The Maryland General Assembly’s 2024 Legislative Session Prioritizes Juvenile Crime and Justice Reforms
The state of Maryland is grappling with the issue of juvenile crime, which has been on the rise in recent years. The 2024 legislative session, which began on Wednesday, January 10 in Annapolis, has put a focus on tackling this issue, with both Democrats and Republicans agreeing that changes need to be made to current justice reforms.
The Need for Juvenile Justice Reform
The issue of juvenile crime gained attention after a report by Maryland’s Department of Juvenile Services in September revealed an increase in violent juvenile crimes in the state, including Montgomery County. Leading up to the session, Montgomery County saw a 95% increase in juvenile-related violent crime, specifically an alarming 108% increase in robbery since 2019. Statewide data also showed concerning trends between fiscal year 2021 and fiscal year 2023, which saw gun violations rise 220%, carjackings spike 85%, auto theft complaints increase 65%, and non-violent felony complaints increase around 70% over fiscal year 2022. There is a growing consensus among decision-makers on both sides of the aisle that the 2022 Juvenile Justice Reform Act had unintended consequences and needs revision.
Different Approaches by Democrats and Republicans
Despite agreeing on the need for reform, Democrats and Republicans have different ideas for how to address the issue. Democrats believe that only minor tweaks to clarify the 2022 Juvenile Justice Reform Act are necessary. On the other hand, Republicans believe that certain provisions of the law need to be completely rolled back.
Republicans see the Juvenile Justice Reform Act of 2022 as contributing to the rise in juvenile crime. The law aimed to keep juveniles out of the judicial process and justice system as much as possible. The Act reduced the number of juveniles charged with crimes, placed in detention centers, and placed on lengthy probations. One significant change in the law was that children under 13 could be charged with only the most violent offenses, including murder, rape, first-degree assault, carjacking, and abduction. This provision came under scrutiny after a 12-year-old was found responsible for bomb threats at multiple Montgomery County Public Schools in October and could not be charged.
Proposed Changes to Juvenile Law in Maryland
Republicans have proposed the Juvenile Justice Restoration Act, which seeks to right the recent wrongs of new juvenile justice laws that have made it nearly impossible to ensure that there are appropriate consequences for young offenders. The Restoration Act aims to tweak the current law. Some of the suggested changes include:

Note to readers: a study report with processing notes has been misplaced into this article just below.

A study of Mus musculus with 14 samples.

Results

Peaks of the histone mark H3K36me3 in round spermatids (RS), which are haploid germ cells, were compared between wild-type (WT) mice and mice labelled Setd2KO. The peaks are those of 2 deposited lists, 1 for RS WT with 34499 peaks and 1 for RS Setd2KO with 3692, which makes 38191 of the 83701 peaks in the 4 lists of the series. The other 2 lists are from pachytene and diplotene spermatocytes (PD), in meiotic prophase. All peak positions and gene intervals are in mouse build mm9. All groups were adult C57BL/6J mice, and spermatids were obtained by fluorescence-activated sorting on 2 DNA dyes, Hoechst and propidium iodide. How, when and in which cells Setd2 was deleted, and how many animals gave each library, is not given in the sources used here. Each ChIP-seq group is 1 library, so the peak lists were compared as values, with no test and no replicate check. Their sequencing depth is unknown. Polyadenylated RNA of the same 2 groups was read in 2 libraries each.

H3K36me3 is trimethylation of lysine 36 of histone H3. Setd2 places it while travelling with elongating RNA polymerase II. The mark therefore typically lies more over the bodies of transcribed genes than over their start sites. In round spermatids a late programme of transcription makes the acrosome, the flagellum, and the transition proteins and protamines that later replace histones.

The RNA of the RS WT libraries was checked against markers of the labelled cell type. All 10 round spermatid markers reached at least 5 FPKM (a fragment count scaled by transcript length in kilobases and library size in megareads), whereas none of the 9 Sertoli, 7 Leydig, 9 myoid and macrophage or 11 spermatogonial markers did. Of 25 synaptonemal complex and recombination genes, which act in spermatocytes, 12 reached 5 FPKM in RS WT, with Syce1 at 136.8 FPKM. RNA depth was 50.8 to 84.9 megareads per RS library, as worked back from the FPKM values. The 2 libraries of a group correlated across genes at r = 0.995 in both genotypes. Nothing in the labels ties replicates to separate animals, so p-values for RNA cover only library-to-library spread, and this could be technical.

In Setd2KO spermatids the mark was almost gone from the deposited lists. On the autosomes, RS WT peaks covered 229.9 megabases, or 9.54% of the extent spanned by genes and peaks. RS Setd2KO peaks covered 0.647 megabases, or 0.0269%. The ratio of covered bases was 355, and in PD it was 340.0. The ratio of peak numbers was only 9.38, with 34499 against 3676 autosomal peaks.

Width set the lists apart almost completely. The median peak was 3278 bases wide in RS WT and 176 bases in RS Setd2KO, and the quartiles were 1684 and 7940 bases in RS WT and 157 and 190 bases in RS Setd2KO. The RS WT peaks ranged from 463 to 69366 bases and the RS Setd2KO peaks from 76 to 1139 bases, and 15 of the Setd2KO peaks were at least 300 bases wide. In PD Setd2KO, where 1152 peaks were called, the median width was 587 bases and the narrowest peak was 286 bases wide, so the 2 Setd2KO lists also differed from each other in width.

- Reversing the Juvenile Justice Reform Act of 2022 that reduced the number of juveniles charged with crimes and placed in detention centers
- Making all crimes, including non-violent offenses, available for consideration for guilty adjudication
- Require a screening risk-and-needs assessment before a juvenile can be released from secure detention
- Change the definition of “crimes of violence” to include crimes such as 2nd degree assaults or 3rd-degree sex offenses
Democrats, however, believe in a less sweeping approach. They believe that a “nip and tuck” of current juvenile justice laws is necessary. Democrats believe that the provision regarding what children under 13 can be charged with needs to be looked at, but only minor changes are needed. For instance, the definition of “crimes of violence” should be broadened to include less violent crimes than the current law permits.
Importance of Intervention and Diversion
The rise in juvenile crime has also spurred important conversations about the need for intervention and diversion programs. While police arresting juveniles is not a solution, intervening and providing diversion programs can be effective. However, the lack of resources and structure in these programs has emphasized the importance of reform. The Children in Need of Supervision (CINS) program is an example of an intervention program that can be successful if utilized properly.
Montgomery County is a significant topic of discussion when it comes to intervention and diversion programs, with Montgomery County Police Chief Marcus Jones clarifying misconceptions about local government and law enforcement. County Councilmember Kristin Mink reiterates that arresting juveniles might not make the community safer, but neither does releasing them without connecting them to services and accountability measures.
With the rise in juvenile crime in Maryland, the 2024 legislative session has put juvenile justice reform and the importance of intervention and diversion at the forefront. Both Democrats and Republicans agree changes need to be made; however, they disagree on the extent of those changes. While the issue is a complex one, the focus on intervention and diversion programs and the proper use of resources in those programs continues to be a critical part of the conversation.